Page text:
Chanting "Return elections to the people!" and "Down with the police state," some 100 demonstrators gathered outside the Kremlin on January 29 to protest the decision to bar the party from running in St. Petersburg's next Legislative Assembly elections, slated for March 11.
Russia's Central Election Commission ruled that nearly 12 percent of the signatures submitted in support of Yabloko's candidates are invalid -- more than the maximum 10 percent allowed.
Yabloko Cries Foul
The head of the party's St. Petersburg branch, Maksim Reznik, says the ban is revenge for Yabloko's consistent opposition to St. Petersburg Governor Valentina Matviyenko, a close ally of President Vladimir Putin.
In an interview with RFE/RL's Russian Service, Yabloko leader Grigory Yavlinsky accused both Matviyenko and the Kremlin of seeking to get rid of a vocal opponent.
"I think Valentina Ivanovna [Matviyenko] feels personal hostility toward Maksim Reznik, because he has been very active in St. Petersburg all these years in protesting a number of decisions linked to social and political issues," Yavlinsky said.
"For us, it's obvious that we have been gathering signatures for 14 years and it's never posed difficulties or problems."
Fighting A Pet Project
Yabloko deputy head Sergei Mitrokhin told Reuters that his party is also coming under fire for lobbying against a plan by state-run gas monopoly Gazprom to build a 300-meter tower in St. Petersburg, a city renowned for its classical architecture.
"Yabloko was Matviyenko's only political opponent in St. Petersburg," Mitrokhin said. "Our party's representatives in the [regional] legislative assembly voted against the appointment of Matviyenko as governor, Yabloko is fighting against the Gazprom City project which will damage the historic look of St. Petersburg, and that is why Yabloko has been barred from elections in St. Petersburg."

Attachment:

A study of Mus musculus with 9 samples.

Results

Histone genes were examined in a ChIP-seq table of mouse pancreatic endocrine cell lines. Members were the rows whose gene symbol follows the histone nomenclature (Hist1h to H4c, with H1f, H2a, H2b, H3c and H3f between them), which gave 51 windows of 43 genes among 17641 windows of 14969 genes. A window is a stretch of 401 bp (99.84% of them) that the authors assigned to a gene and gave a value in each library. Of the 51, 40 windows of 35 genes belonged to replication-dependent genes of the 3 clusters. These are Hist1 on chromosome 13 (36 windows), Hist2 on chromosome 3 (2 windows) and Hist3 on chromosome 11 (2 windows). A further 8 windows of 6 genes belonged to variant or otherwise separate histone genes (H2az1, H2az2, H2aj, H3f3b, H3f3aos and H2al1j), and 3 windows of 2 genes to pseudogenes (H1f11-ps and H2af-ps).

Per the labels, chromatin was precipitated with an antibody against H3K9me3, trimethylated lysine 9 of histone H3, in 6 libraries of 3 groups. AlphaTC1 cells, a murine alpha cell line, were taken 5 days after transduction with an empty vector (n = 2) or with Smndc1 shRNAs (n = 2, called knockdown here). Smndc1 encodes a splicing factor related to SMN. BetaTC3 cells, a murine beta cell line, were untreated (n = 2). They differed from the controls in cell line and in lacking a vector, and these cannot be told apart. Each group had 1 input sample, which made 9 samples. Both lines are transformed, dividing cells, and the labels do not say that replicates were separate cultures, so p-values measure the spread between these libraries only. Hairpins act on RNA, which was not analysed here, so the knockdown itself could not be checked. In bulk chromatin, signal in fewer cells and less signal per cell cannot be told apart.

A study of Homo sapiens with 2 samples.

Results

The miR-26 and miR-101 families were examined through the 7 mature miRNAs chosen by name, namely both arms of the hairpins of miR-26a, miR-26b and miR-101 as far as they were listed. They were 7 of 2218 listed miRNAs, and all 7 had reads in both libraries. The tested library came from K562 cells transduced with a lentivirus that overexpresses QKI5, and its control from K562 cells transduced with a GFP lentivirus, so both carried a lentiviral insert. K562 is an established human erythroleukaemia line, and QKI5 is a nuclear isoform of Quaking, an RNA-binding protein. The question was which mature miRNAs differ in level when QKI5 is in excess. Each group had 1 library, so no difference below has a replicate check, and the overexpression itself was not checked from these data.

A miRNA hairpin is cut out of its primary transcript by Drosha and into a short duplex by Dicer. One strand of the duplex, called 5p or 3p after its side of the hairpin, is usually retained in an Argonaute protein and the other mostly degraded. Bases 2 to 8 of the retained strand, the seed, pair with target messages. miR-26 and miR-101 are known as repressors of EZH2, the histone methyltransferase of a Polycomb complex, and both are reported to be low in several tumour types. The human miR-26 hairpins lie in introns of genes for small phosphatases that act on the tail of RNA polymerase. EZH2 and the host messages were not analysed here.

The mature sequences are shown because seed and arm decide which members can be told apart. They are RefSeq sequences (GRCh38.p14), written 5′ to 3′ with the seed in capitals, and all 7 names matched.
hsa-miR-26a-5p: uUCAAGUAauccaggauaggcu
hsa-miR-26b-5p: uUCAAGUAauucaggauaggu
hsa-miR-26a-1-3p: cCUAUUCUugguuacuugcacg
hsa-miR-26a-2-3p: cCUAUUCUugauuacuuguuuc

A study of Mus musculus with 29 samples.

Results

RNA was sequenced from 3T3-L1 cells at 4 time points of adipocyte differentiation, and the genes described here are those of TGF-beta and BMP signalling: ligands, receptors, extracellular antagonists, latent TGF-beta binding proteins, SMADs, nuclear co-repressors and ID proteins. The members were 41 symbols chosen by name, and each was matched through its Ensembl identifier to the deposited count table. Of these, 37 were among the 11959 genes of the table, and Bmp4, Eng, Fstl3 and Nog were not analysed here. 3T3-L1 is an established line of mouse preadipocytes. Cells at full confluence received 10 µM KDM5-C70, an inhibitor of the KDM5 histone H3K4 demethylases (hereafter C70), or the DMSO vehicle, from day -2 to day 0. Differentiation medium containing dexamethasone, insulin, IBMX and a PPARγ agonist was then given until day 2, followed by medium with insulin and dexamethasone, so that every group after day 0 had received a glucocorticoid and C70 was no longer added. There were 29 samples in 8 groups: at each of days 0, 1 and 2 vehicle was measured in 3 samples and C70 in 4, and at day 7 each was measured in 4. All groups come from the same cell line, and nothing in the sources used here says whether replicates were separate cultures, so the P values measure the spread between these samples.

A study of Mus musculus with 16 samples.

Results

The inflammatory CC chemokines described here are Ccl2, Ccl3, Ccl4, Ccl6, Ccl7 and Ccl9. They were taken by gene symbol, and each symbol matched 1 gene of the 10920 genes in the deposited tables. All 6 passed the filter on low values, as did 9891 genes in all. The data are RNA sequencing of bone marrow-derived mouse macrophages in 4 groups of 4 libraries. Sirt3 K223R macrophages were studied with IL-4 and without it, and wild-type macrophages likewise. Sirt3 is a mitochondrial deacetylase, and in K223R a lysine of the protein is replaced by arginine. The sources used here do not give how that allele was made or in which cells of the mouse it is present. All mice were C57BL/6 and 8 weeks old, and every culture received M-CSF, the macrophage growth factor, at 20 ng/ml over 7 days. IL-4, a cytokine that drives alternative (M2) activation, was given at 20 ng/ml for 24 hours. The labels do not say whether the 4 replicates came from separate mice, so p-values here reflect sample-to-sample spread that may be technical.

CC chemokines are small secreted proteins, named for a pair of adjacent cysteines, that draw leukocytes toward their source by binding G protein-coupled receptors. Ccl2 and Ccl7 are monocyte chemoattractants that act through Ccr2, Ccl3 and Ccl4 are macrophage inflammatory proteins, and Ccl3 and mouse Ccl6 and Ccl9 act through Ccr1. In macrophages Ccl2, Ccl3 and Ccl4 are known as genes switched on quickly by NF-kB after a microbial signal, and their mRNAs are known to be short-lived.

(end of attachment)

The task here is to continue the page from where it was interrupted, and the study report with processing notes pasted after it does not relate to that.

Political analysts say the ban could be part of a broader Kremlin campaign to sideline rivals ahead of key parliamentary elections in December 2007 and presidential elections in 2008.
Once a leading political force, Yabloko has lost most of its clout under Putin's tenure.
It has lost all seats in the State Duma, the lower house of parliament, which is now dominated by the pro-Kremlin Unified Russia party. But it has managed to retain seats in a number of local legislatures, including in St. Petersburg's Legislative Assembly.
The Communist Party was also banned from participating in local poll in the southern region of Daghestan, also due on March 11, over application technicalities. Its list of candidates, however, has since been restored to the ballot.
Demonstrators speak with local politicians in Butovo about the destruction of a local forest in July 2006 (RFE/RL)
IS RUSSIAN DEMOCRACY MANAGING? Russian President Vladimir Putin has said Western powers seek to pressure Russia under the pretext of concern over its democratic development. He has said Russia is ready to listen to "well-intentioned criticism," but will not allow anyone to interfere in its internal affairs. The Kremlin has been criticized for stifling political oppostion, increasing central control over the media, and cracking down on the work on nongovernmental organizations.